Bright blue flowers brighten up any garden, especially those in full or partial shade. Lobelia’s pure blue flowers provide a nice contrast to the many shades of green in foliage-rich shade gardens. Or plant them so they hang over the edges of containers and hanging baskets. Start seeds indoors eight to ten weeks before frost-free weather is expected in your area.
Start your lobelia seeds in flat, shallow pans. Fill them with either a commercial seed-starting mix or make your own by combining equal parts of peat moss and vermiculite.
Sow seeds by sprinkling them over the surface of the seed-starting mix. Press them into the mix lightly and do not cover; they need light to germinate.
Mist the surface with water using a plastic spray bottle. Mist the seeds daily until they germinate, which should take about three weeks.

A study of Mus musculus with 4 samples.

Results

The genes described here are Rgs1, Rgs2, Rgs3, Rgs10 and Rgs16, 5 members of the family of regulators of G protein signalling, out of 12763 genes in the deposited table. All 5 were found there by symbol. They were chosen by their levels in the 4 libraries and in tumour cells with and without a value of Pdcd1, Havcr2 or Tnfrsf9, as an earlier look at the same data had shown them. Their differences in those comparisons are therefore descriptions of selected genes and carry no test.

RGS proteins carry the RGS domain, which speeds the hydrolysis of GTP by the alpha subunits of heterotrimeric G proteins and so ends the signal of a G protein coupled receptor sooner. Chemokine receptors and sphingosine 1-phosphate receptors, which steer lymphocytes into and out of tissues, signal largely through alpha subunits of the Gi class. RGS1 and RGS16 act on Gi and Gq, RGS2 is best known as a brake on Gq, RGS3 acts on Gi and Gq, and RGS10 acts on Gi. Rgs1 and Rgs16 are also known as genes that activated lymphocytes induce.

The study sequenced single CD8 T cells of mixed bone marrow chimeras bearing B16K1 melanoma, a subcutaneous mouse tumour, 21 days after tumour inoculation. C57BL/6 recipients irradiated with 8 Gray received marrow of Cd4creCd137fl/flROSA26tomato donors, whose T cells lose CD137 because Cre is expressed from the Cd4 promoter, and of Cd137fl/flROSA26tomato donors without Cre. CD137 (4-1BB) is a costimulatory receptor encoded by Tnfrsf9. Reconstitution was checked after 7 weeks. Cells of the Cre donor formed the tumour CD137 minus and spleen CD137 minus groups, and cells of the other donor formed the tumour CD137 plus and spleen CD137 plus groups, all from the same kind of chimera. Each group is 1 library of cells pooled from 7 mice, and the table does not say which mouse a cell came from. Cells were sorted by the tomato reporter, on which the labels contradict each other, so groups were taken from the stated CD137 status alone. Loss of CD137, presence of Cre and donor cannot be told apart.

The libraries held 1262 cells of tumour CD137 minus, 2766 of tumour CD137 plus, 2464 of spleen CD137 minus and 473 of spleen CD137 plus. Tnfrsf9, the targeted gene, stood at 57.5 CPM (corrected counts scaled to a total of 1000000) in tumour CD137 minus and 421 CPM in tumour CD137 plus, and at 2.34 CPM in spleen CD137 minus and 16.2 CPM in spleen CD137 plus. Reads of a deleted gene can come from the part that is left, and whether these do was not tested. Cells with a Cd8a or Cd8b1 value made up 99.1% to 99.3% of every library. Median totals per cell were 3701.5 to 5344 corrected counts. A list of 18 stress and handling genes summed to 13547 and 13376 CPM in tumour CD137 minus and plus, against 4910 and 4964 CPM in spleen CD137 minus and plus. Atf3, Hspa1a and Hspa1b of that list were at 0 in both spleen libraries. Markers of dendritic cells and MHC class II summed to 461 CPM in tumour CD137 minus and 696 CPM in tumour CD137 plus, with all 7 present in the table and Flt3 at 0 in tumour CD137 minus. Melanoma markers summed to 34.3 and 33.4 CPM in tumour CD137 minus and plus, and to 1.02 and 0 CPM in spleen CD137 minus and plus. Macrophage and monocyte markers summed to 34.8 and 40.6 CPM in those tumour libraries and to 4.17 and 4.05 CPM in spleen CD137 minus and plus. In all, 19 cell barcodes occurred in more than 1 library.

Move the seed-starting trays under fluorescent lights as soon as they germinate. Position the lights so they are about 3 inches above the tops of the seedlings. Raise the lights as the seedlings grow taller, keeping the lights at least 3 inches above the tops of the plants.
Keep the seed-starting medium damp by misting it every day with a plastic spray bottle.
Transplant little clumps of lobelia seedlings into individual, 2-inch pots filled with regular indoor potting soil. Continue watering to keep the soil, moist but not wet.
Acclimate the plants to outdoor conditions when they are about 3 to 4 inches high. Put them outdoors in shade for a few hours each day and bring the plants indoors at night, or if daytime temperatures are below 50 degrees F.
Transplant your lobelia into the garden when all danger of frost has passed. Plant lobelia in partial shade, placing the individual clumps approximately 10 inches apart.